According to the Middle East Hotel Market Insight report by audit firm Deloitte and STR Global, demand for hotel accommodations in Dubai had "considerably slowed" to 5.1 percent in the first nine months of 2015, from 6.4 percent in 2014. At the same time, the supply of hotel rooms to the market rose by 6.7 percent, outpacing the demand. The mismatch between demand and supply pushed down the occupancy rate by 1.3 percent, the report said. Average daily rates also fell as a result of this imbalance.
These decreases also match STR Global’s preliminary September 2015 data for Dubai, which saw slight drops in several key performance metrics.
Based on daily data from September, Dubai reported:
- a 0.3 percent decrease in occupancy to 76.1 percent;
- a 2.6 percent decrease in average daily rate to AED645.61; and
- a 3.0 percent decrease in revenue per available room to AED491.08.
However, for the month of September, Dubai saw increases in supply (+5.4 percent) and demand (+5.1 percent) from August's numbers. And in spite of the year-to-date numbers, STR global area director Philip Wooller expects long-term demand to grow. “The current drop in the average room rate will have a positive effect in maintaining the occupancy levels throughout the city," he told Gulf Business, "and to some extent, this shift was necessary to keep Dubai competitive as it moves towards achieving its targeted growth in visitors during the Expo year in 2020.”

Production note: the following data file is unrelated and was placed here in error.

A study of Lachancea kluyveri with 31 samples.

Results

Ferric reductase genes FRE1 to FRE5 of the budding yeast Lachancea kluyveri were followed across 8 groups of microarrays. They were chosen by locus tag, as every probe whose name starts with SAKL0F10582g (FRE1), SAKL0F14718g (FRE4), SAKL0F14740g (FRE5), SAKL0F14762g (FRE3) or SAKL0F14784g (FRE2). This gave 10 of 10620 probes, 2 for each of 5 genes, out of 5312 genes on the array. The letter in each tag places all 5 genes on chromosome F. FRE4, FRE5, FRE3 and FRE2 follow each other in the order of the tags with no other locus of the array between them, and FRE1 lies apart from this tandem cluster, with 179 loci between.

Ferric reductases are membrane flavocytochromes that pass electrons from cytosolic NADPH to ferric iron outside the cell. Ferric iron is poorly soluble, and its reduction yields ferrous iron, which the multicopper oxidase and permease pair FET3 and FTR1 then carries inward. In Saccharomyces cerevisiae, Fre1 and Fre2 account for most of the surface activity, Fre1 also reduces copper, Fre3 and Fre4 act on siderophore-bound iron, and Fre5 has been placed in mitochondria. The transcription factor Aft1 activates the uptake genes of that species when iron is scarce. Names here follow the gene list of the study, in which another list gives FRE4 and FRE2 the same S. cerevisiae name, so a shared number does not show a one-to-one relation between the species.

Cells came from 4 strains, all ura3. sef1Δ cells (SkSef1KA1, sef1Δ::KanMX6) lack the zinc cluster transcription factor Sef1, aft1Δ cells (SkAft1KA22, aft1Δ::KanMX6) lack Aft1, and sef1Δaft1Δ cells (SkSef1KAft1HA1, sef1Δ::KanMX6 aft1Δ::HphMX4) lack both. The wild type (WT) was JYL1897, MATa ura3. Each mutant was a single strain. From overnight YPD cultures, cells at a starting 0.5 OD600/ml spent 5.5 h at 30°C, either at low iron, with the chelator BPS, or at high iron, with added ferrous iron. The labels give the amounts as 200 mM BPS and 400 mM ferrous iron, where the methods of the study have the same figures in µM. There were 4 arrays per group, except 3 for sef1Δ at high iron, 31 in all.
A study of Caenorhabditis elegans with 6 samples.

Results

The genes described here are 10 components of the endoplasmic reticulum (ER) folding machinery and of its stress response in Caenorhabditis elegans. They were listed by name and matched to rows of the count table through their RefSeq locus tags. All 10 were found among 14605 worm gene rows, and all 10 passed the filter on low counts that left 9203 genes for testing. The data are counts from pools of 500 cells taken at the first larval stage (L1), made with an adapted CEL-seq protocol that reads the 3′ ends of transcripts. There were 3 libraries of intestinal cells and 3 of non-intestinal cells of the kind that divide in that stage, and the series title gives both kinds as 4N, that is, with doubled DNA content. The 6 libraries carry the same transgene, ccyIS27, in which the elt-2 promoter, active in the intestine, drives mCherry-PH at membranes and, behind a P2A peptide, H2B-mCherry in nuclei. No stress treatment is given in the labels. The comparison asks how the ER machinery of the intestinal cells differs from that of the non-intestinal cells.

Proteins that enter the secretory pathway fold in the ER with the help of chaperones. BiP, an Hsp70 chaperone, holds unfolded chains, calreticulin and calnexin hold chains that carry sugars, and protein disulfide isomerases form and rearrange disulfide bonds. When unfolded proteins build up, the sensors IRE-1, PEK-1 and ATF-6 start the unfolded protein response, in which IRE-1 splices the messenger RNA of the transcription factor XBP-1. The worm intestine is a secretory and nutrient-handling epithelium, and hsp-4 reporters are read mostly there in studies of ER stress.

Dubai, which is aiming to attract about 20 million tourists annually by 2020, has evoked concerns of an over supply in the hotel sector with an increasing number of properties in the construction pipeline. The city currently aims to have 28,000 new hotel rooms open by 2018, two years ahead of the 2020 Dubai World Expo. Next year, 8,400 hotel rooms are set to enter the Dubai market and an additional 9,200 in 2017.
Experts say there will be a sustained demand for rooms, especially due to the connectivity that the emirate has with the rest of the world.
Dubai had 369 hotels in July 2015, according to data provided by STR Global. This reflected a compound average growth rate of 5.25 percent from the 233 hotels in 2006. Over this period the number of rooms in Dubai rose from 39,000 across all sectors of the market to 75,600.